It doesn't take many years for the cabling in a moderately sized server room to become a maintenance nightmare. Some racks I've worked with have become so full of network cabling and power cords that it is nearly impossible to reach inside and push a power switch, never mind insert a new network or console cable. Having gone through an exercise in pulling out hundreds of installed yet unused cabling in order to rearrange the contents of a series of computer racks, I can tell you from the perspective of hindsight that some basic rules for managing your cable plant can save you a lot of time in the long-run.
Rule one: Label, label, label! There is nothing more time-consuming and frustrating than having to manually trace one cable out of dozens all bundled together to figure out what the other end is plugged into. A scheme whereby each cable is labeled at both ends to indicate what it connects to can save you hours of time. If ultraviolet is plugged into port 11 on switch 4-4, the switch end of the cable should be labeled "ultraviolet" and the system end should be labeled "4-4:11". Better yet, both ends should be labeled with both pieces of information. If you have to move a cable out of the way for some reason, it will be easy to know where to plug it back in when you're done.
Some cable providers will be very happy to prepare cables for you with any type of labeling you want. You can also purchase a labeler for a modest fee. With my factory refurbished brother P-touch, I can print labels up to 1" in height and in four different colors (depending on the cartridge I use, of course), thus providing extremely useful documentation of my wiring.
Rule two: Use cables that are close to the length you need. If all you have are very long cables, you will end up with lots of long cables that get in your way when you're working in your racks or you will tie your cables into bundles to keep them neat, thereby making the job of tracing cables from one end to the other that much harder. This rule applies to power cables almost as much as network cables. If a system is plugging into a power strip that's one foot away, don't use the longest power cable you have on hand. Unfortunately, what you're going to have on hand are likely to be standard length cables, but you can get 1-3 foot cables for around $2-2.50.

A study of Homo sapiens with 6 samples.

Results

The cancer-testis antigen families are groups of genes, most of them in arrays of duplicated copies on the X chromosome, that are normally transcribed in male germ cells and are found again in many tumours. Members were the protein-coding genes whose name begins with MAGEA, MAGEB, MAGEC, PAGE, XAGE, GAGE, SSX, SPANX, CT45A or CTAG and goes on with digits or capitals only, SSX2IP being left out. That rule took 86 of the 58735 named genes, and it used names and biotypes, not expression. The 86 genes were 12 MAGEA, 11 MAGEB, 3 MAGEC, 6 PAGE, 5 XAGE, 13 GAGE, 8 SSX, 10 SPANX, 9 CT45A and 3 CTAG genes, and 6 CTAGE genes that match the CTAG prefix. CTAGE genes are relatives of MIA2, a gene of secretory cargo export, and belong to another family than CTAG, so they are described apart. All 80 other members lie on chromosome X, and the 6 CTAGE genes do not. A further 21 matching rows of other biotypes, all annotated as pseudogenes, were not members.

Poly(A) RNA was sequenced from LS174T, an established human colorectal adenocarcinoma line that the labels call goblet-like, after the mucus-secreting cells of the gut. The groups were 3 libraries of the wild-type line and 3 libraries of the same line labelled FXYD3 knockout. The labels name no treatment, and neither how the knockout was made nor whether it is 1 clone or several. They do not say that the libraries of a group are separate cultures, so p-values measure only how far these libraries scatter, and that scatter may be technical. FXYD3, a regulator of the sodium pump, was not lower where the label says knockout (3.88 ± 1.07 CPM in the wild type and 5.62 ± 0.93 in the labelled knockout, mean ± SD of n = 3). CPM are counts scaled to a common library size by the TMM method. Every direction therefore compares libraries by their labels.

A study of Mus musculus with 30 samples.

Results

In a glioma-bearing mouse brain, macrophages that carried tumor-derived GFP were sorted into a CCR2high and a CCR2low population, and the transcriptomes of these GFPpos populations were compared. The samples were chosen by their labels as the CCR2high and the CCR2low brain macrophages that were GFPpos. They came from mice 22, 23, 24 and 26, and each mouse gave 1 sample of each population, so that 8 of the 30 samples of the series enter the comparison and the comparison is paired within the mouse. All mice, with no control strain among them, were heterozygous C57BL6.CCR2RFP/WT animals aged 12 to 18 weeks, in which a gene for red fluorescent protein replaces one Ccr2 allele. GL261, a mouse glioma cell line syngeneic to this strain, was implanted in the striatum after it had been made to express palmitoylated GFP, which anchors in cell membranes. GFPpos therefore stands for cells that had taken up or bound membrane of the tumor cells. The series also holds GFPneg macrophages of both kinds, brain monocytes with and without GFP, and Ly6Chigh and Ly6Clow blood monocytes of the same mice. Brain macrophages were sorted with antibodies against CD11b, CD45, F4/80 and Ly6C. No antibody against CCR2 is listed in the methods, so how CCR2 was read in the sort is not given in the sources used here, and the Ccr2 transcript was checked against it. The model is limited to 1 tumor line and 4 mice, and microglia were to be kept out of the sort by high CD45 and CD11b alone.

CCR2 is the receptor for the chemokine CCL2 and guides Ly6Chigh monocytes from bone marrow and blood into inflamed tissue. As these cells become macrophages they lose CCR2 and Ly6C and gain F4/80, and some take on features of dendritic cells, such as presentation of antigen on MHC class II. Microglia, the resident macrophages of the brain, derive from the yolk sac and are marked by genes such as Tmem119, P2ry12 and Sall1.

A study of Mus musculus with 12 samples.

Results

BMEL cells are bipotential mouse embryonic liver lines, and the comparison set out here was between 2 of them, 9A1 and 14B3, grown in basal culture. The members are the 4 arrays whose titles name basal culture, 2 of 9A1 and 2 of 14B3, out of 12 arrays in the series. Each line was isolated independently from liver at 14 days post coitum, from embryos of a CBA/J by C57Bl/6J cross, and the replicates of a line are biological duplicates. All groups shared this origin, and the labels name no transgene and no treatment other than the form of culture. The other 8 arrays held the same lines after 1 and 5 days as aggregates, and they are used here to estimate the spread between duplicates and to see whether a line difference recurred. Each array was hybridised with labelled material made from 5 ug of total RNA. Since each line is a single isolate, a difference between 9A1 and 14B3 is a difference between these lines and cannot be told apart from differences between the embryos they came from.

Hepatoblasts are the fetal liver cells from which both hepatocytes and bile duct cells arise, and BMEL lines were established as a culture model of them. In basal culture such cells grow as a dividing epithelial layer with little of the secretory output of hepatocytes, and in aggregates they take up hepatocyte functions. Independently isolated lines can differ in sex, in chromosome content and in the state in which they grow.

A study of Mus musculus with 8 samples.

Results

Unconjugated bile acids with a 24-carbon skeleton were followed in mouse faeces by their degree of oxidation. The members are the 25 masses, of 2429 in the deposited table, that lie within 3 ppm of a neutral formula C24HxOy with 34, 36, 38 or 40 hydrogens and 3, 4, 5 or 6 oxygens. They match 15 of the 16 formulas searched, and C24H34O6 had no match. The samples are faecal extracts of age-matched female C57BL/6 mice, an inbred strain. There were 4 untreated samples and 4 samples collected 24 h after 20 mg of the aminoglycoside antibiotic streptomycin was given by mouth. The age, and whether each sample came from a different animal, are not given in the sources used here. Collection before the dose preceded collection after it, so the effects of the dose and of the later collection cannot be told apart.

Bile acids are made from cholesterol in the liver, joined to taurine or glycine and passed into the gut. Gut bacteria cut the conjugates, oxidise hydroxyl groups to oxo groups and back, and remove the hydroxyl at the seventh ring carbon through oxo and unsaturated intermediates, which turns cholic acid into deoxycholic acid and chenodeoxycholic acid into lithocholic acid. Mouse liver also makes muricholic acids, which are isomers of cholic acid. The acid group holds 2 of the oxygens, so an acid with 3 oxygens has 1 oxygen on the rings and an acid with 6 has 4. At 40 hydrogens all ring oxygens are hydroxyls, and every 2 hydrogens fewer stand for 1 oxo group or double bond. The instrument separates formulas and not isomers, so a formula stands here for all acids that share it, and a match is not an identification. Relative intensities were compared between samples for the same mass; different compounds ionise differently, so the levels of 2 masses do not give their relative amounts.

It's also a good idea to categorize cables that you remove from racks for later reuse both by type (cat5, cat6, crossover, console) and approximate length. I have found a fast and easy way to measure cable lengths before I bundle them up and add them to my supply cabinet. The arm on my desk is four feet long. I hold up each cable and count off how many four-foot lengths it comprises end to end. I don't bother being too precise, but I won't end up grabbing a 16 foot cable sometime down the line when a 4 foot cable would do.
Rule three: Remove unused cables from time to time. I have quite a few pounds of cable in my office that was recently removed from racks in which it was strung but not connected to anything. When you remove or move a system, don't leave the old cables in the rack unless you're going to use them again sometime soon. It's surprising how much "dead" cabling can collect in a few years, making it increasingly difficult to make any changes at all.
Rule four: Use cable ties sparingly. It's a great idea to keep cables bundled and pulled aside, but if you tie the bundles too frequently, you make it very difficult for any cables in the bundle to be removed later.
Rule five: Consider using color-coded cables for your more critical systems or for certain types of systems. This will make it far easier to spot those cables when they are threaded between racks.